Bilirubin and Bilirubin Fractions

Bilirubin and Bilirubin Fractions is a topic covered in the Davis's Lab & Diagnostic Tests.


A multipurpose laboratory test that acts as an indicator for various diseases of the liver, for disease that affects the liver, or for conditions associated with red blood cell (RBC) hemolysis.

Patient Preparation
There are no food, fluid, activity, or medication restrictions unless by medical direction.

Normal Findings
(Method: Spectrophotometry) Total bilirubin levels in infants should decrease to adult levels by day 10 as the development of the hepatic circulatory system matures. Values in breastfed infants may take longer to reach normal adult levels. Values in premature infants may initially be higher than in full-term infants and also take longer to decrease to normal levels.

AgeConventional UnitsSI Units (Conventional Units × 17.1)
Total bilirubin
 Newborn–1 dLess than 5.8 mg/dLLess than 99 micromol/L
 1–2 dLess than 8.2 mg/dLLess than 140 micromol/L
 3–5 dLess than 11.7 mg/dLLess than 200 micromol/L
 6–7 dLess than 8.4 mg/dLLess than 144 micromol/L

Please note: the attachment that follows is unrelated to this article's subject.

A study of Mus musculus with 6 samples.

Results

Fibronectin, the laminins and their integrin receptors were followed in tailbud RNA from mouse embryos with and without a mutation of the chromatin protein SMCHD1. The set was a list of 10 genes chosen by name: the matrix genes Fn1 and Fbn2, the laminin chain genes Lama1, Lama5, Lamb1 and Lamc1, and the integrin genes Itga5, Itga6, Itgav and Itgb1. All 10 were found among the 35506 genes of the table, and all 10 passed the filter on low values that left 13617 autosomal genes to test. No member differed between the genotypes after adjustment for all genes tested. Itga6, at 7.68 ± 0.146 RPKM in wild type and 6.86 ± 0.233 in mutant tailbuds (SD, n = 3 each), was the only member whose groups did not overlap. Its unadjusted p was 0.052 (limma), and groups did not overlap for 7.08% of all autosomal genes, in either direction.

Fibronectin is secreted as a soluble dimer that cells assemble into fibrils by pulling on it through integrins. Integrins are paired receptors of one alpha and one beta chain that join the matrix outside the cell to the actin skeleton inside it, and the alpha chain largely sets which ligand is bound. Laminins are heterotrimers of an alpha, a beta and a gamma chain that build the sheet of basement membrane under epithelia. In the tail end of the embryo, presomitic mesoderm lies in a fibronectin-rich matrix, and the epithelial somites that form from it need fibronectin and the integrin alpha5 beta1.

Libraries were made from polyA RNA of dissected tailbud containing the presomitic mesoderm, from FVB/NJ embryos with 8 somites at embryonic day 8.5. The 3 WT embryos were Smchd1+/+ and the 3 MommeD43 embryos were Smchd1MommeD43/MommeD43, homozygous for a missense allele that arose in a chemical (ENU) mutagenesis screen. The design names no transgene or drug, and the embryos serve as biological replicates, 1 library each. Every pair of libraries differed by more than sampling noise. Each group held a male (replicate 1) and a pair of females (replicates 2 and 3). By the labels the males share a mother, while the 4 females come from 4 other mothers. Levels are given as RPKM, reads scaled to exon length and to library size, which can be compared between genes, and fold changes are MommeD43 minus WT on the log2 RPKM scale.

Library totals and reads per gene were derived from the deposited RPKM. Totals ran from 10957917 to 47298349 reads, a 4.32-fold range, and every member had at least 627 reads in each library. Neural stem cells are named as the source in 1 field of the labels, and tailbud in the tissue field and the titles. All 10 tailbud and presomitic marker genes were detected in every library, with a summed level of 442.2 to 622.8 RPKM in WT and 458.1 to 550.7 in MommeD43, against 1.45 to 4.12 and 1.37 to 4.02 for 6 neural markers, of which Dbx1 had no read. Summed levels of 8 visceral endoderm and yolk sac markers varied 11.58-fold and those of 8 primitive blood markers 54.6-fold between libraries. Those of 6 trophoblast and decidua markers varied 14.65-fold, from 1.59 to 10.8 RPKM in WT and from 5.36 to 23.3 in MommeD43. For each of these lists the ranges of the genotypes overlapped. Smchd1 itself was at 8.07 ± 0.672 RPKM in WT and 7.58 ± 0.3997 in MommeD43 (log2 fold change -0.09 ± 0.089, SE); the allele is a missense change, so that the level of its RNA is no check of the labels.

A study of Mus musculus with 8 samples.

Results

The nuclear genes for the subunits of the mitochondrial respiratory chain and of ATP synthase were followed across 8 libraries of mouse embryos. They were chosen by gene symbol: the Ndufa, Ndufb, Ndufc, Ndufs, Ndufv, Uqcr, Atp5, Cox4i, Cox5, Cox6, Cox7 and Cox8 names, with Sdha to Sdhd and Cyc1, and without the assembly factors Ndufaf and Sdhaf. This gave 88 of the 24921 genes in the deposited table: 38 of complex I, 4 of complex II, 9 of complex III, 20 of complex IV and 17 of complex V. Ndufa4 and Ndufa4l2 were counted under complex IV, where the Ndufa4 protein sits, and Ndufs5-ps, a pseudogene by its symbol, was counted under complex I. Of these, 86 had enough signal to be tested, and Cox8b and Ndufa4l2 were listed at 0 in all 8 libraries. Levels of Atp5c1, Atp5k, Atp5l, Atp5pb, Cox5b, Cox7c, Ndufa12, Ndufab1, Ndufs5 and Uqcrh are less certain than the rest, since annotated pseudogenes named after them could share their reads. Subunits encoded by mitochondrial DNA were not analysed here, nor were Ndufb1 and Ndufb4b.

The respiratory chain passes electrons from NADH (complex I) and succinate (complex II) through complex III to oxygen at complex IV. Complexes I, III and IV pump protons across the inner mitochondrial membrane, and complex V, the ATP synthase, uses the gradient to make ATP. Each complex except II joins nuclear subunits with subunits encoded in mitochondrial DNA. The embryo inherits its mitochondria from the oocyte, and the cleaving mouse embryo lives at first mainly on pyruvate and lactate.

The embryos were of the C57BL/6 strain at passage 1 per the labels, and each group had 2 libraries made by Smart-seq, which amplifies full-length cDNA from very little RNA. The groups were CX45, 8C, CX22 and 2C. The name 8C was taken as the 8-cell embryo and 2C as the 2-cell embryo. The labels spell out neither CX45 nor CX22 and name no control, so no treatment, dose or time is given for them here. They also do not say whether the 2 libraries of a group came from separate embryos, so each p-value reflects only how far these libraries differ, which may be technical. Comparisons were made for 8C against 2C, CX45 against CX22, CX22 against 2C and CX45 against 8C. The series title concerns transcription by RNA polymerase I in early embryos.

8–9 dLess than 6.5 mg/dLLess than 111 micromol/L
 10–11 dLess than 4.6 mg/dLLess than 79 micromol/L
 12–13 dLess than 2.7 mg/dLLess than 46 micromol/L
 14–30 dLess than 0.8 mg/dLLess than 14 micromol/L
 1 mo–older adultLess than 1.2 mg/dLLess than 21 micromol/L
Unconjugated bilirubinLess than 1.1 mg/dLLess than 19 micromol/L
Conjugated bilirubin
 NeonateLess than 0.6 mg/dLLess than 10 micromol/L
 29 d–older adultLess than 0.3 mg/dLLess than 5 micromol/L
Delta bilirubinLess than 0.2 mg/dLLess than 3 micromol/L

Critical Findings and Potential Interventions

Adults and Children

  • Greater than 15 mg/dL (SI: Greater than 257 micromol/L)


  • Greater than 13 mg/dL (SI: Greater than 222 micromol/L)

Timely notification to the requesting health-care provider (HCP) of any critical findings and related symptoms is a role expectation of the professional nurse. A listing of these findings varies among facilities.

Consideration may be given to verification of critical findings before action is taken. Policies vary among facilities and may include requesting recollection and retesting by the laboratory.

Sustained hyperbilirubinemia can result in brain damage. Kernicterus refers to the deposition of bilirubin in the basal ganglia and brainstem nuclei. There is no exact level of bilirubin that puts infants at risk for developing kernicterus. Symptoms of kernicterus in infants include lethargy, poor feeding, upward deviation of the eyes, and seizures. Intervention for infants may include early frequent feedings to stimulate gastrointestinal (GI) motility, phototherapy, and exchange transfusion.